Shadow health secretary Andy Burnham has insisted the Football Association still have questions to answer over the Hillsborough disaster despite their full apology.
Burnham questioned how the FA had allowed the FA Cup semi-final 23 years ago to be played in a ground without a valid safety certificate, and said negligence was to blame. An initial FA statement did not contain an apology but, following calls from Hillsborough families, four hours later FA chairman David Bernstein made "a full and unreserved apology".
Burnham, who did much to have the inquiry into the disaster reopened when he was a member of the Labour Cabinet in 2009, told Sky News: "The FA need to ask themselves some serious questions."
It came after the Hillsborough Independent Panel report showed the ground was unsafe and did not have a valid safety certificate at the time of the match on April 15 1989. It also revealed a police cover-up had taken place which had intended to shift blame for the disaster, which claimed the lives of 96 Liverpool fans, to the victims themselves.
Burnham added: "The main one (question) is why did they allow a semi-final to be played at a ground without a valid safety certificate? I don't think there's an answer that people can accept because I think it was because of negligence of people's safety.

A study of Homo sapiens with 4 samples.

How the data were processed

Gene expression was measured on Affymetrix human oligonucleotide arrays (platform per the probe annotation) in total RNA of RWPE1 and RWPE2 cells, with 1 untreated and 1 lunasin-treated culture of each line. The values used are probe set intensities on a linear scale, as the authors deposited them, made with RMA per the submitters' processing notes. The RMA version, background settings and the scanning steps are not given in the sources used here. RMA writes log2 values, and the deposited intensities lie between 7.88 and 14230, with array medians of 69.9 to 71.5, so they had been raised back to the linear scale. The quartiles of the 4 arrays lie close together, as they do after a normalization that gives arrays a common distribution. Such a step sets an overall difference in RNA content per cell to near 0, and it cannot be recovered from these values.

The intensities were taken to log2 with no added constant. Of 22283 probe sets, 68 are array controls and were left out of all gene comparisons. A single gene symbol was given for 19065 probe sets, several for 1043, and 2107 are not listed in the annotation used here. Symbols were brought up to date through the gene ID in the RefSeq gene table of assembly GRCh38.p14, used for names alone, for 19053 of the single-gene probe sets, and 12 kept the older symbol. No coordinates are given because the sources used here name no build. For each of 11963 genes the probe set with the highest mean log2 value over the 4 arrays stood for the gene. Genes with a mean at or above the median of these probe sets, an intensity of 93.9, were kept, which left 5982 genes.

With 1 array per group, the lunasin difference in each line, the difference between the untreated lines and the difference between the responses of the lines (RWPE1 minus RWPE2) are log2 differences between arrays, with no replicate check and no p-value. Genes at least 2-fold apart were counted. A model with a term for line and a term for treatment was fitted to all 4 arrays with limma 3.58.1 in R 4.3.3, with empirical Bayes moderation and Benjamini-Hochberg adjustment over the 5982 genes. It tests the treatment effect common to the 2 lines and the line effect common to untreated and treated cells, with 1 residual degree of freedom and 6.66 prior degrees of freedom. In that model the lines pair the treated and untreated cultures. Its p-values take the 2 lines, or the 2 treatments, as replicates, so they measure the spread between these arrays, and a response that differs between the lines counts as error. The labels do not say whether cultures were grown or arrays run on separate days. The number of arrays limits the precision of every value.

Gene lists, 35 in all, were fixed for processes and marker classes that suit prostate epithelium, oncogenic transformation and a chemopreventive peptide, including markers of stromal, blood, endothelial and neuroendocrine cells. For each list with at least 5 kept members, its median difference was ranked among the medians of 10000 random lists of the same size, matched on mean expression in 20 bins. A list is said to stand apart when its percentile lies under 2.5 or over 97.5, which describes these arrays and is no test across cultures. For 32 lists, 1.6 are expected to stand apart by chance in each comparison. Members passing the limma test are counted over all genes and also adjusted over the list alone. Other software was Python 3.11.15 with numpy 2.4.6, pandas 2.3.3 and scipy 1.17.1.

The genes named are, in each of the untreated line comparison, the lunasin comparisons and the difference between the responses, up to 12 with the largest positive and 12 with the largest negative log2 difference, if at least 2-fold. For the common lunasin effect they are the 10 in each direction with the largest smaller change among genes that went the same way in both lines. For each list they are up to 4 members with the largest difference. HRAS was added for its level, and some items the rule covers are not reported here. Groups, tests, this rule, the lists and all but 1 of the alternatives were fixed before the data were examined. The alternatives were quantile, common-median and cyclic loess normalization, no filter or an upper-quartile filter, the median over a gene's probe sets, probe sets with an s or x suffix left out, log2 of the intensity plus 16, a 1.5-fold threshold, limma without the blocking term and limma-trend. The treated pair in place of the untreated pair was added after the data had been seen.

"Why were supporters allowed to go into those unsafe conditions and did the FA know of those other near misses at other semi-finals such as 1981 Wolves v Spurs and 1987 involving Leeds. I remember going to Hillsborough the year before and having one of the most distressing experiences of my life. All of these things were known about Hillsborough, how did nobody in football act upon them."
Margaret Aspinall of the Hillsborough families support group said: "We welcome the apology but the one thing that makes me angry is that we have had to wait for this report to come out before we get all the apologies that should have been made a long time ago. The FA did have a role in what happened so it's right we should hear from them."
Bernstein commended the work of the panel in compiling the report and expressed sympathy for the families, saying in a statement: "We are deeply sorry this tragedy occurred at a venue the FA selected. This fixture was played in the FA's own competition, and on behalf of the Football Association I offer a full and unreserved apology and express sincere condolences to all of the families of those who lost their lives and to everyone connected to the city of Liverpool and Liverpool Football Club."
He added: "This should never have happened. Nobody should lose their lives when setting out to attend a football match, and it is a matter of extreme regret and sadness that it has taken so long for these findings to be published and the truth to be told. For 23 years the families have suffered unbearable pain and we have profound sympathy for them.
"I would like to commend the professional work of the Hillsborough Independent Panel, while also recognising the tireless commitment shown by so many people in maintaining the fight for justice, particularly the family support groups."